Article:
UNBP0518 04/14

The Body PRO Covers: The 15th Conference on Retroviruses and Opportunistic Infections

HIV/HCV-Coinfected Patients Appear More Likely Than HIV-Monoinfected Patients to Develop Insulin Resistance After Initiating HAART

An Interview With Cecilia Shikuma, M.D.

February 5, 2008


Cecilia Shikuma: My name is Cecilia Shikuma. I'm with the University of Hawaii. This is an ACTG [AIDS Clinical Trials Group] study that was a sub-analysis1 of the A5095 antiretroviral trial for antiretroviral-naïve patients.2 Essentially, we took a trial that used a [regimen consisting of] nucleosides plus or minus an NNRTI [non-nucleoside reverse transcriptase inhibitor] and then segregated the cohort by whether they were hepatitis C positive, [in other words] coinfected, versus those who were just HIV singularly infected. We had fasting metabolic parameters done at week 0, week 24 and [week] 96. We proceeded to analyze what the difference was as they were placed on antiretroviral therapy, depending on whether they were hepatitis C infected or not.

What we essentially found out is that there were some metabolic differences as these coinfected people went on antiretroviral therapy. We saw higher levels of insulin resistance as measured by HOMA [homeostasis model assessment] and increased rates of diabetes at week 96, which was a significant level of P = .03.

We also found that there were low levels of LDL [low-density lipoprotein] cholesterol and higher increases in HDL [high-density lipoprotein] cholesterol in hepatitis C-coinfected individuals than in [hepatitis C]-negative individuals.

Bonnie Goldman: What was most surprising about your findings?

Cecilia Shikuma: I think what was most surprising was that the insulin resistance really is higher in the coinfected individuals, and that it does seem to result in a higher rate of diabetes over time.

Bonnie Goldman: Is there a guess why?

Cecilia Shikuma: We know that hepatitis C does affect insulin resistance,3 and we also know that antiretroviral therapy affects insulin resistance,4 so I think it's a compounding of both effects.

Bonnie Goldman: The changes in triglycerides, could you talk a little bit about that?

Cecilia Shikuma: We also found that, at least in the short term -- between week 0 and week 24 -- we did see a difference in triglycerides. In hepatitis C-negative people, we saw an increase in triglycerides, as you typically do in most people, while there was a decrease in triglycerides in the hepatitis C-positive group. [The latter result is] a little bit unusual in that, if you had someone that was becoming insulin resistant, triglycerides usually go up. To have it flipped is a little bit, I thought, interesting.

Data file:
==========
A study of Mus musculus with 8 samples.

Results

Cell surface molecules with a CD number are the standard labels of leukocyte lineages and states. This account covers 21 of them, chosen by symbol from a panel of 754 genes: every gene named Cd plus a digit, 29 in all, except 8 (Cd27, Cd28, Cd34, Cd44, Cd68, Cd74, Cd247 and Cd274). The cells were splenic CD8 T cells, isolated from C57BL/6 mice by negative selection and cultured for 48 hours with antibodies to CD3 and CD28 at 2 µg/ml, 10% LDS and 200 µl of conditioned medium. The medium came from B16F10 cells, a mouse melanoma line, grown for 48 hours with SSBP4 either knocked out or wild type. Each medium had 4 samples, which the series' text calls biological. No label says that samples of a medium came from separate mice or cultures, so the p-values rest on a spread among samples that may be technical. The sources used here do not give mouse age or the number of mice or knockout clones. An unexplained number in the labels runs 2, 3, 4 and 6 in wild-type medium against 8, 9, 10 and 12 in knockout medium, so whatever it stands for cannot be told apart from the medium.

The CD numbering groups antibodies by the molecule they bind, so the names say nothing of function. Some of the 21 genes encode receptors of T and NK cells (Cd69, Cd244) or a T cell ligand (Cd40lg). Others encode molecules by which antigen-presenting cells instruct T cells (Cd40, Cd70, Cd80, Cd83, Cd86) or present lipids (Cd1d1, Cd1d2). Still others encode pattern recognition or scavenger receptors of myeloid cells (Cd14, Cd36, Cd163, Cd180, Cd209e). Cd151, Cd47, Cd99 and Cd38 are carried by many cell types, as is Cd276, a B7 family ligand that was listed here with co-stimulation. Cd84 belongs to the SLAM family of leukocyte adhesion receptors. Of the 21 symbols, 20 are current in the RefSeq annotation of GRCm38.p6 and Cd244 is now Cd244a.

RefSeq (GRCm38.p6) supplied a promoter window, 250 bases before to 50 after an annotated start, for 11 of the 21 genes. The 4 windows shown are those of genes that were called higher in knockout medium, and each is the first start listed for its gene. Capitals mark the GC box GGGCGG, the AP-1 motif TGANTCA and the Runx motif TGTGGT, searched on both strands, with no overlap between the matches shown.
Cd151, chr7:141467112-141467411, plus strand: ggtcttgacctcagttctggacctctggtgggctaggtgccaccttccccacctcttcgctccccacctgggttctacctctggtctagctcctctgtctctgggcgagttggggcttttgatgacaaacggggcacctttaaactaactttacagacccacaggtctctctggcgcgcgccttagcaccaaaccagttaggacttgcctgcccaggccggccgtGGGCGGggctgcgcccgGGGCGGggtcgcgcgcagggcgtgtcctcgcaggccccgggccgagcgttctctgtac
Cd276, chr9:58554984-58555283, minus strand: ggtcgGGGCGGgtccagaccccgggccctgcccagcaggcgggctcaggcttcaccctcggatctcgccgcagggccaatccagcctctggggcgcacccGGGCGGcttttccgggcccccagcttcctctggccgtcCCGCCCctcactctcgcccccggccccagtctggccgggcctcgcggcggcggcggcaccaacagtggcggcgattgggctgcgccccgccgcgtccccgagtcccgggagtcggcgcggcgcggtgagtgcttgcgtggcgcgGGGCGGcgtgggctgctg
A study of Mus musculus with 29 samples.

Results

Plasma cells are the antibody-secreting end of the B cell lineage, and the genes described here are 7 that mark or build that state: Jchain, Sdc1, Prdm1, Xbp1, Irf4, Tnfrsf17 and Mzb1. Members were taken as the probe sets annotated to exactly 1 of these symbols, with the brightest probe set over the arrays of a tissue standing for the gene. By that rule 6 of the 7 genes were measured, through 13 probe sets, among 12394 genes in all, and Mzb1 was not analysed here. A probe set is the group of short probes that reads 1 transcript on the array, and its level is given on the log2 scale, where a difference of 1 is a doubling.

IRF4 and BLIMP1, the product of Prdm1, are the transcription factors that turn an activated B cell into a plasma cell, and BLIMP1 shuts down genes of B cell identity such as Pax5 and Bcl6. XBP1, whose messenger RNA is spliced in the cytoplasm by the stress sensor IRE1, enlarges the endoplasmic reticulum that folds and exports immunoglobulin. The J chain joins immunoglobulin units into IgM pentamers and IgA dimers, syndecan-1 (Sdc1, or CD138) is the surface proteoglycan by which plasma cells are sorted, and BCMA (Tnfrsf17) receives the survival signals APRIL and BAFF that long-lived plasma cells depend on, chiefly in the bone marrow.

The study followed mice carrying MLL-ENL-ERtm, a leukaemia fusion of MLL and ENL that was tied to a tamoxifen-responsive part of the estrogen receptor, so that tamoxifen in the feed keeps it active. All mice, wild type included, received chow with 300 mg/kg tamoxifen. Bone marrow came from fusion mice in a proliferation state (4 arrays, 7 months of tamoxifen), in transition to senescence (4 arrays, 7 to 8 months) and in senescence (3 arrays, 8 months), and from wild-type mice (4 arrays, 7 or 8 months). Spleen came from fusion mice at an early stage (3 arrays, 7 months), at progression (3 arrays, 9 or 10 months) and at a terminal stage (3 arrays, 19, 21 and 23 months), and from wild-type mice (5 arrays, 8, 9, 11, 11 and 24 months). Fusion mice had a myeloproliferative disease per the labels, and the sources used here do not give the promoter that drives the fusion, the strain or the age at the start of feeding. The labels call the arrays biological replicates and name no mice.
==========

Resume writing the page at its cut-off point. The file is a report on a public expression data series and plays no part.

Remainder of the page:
Gerald Pierone: Any explanation for why that would be?

Cecilia Shikuma: I understand that triglycerides do go down over time as people become cirrhotic. Somebody had mentioned that to me, and I'm not quite sure if that's true or not. I thought that it may just be a hepatitis C[-related] cirrhosis type of effect.

Gerald Pierone: Do you have any sub-analysis looking at the hepatitis C patients? Did any of them decompensate? Do you have any data relating to decompensation or hepatitis C disease progression?

Cecilia Shikuma: Unfortunately, since this was an antiretroviral treatment trial, not much information was gathered on the status of the liver for these coinfected individuals, so we don't have that data. But I think, moving forward, it will be something very interesting to look at.

Bonnie Goldman: Thank you.

This transcript has been lightly edited for clarity.


Footnotes

  1. Shikuma C, Ribaudo H, Zheng E, et al. The effect of hepatitis C infection on metabolic parameters following initial therapy of HIV-infected subjects with nucleoside +/- NNRTI regimens. In: Program and abstracts of the 15th Conference on Retroviruses and Opportunistic Infections; February 3-6, 2008; Boston, Mass. Abstract 931.
    View poster: Download PowerPoint
  2. Gulick RM, Ribaudo HJ, Shikuma CM, et al, for the AIDS Clinical Trials Group Study A5095 Team. Triple-nucleoside regimens versus efavirenz-containing regimens for the initial treatment of HIV-1 infection. N Engl J Med. April 29, 2004;350(18):1850-1861.
  3. Imazeki F, Yokosuka O, Fukai K, Kanda T, Kojima H, Saisho H. Prevalence of diabetes mellitus and insulin resistance in patients with chronic hepatitis C: comparison with hepatitis B virus-infected and hepatitis C virus-cleared patients. Liver Int. March 2008;28(3):355-362.
  4. De Wit S, Sabin CA, Weber R, et al. Incidence and risk factors for new onset diabetes mellitus in HIV infected patients: The D:A:D study. Diabetes Care [serial online]. February 11, 2008.


This article was provided by TheBodyPRO.com.
 



Please note: Knowledge about HIV changes rapidly. Note the date of this summary's publication, and before treating patients or employing any therapies described in these materials, verify all information independently. If you are a patient, please consult a doctor or other medical professional before acting on any of the information presented in this summary. For a complete listing of our most recent conference coverage, click here.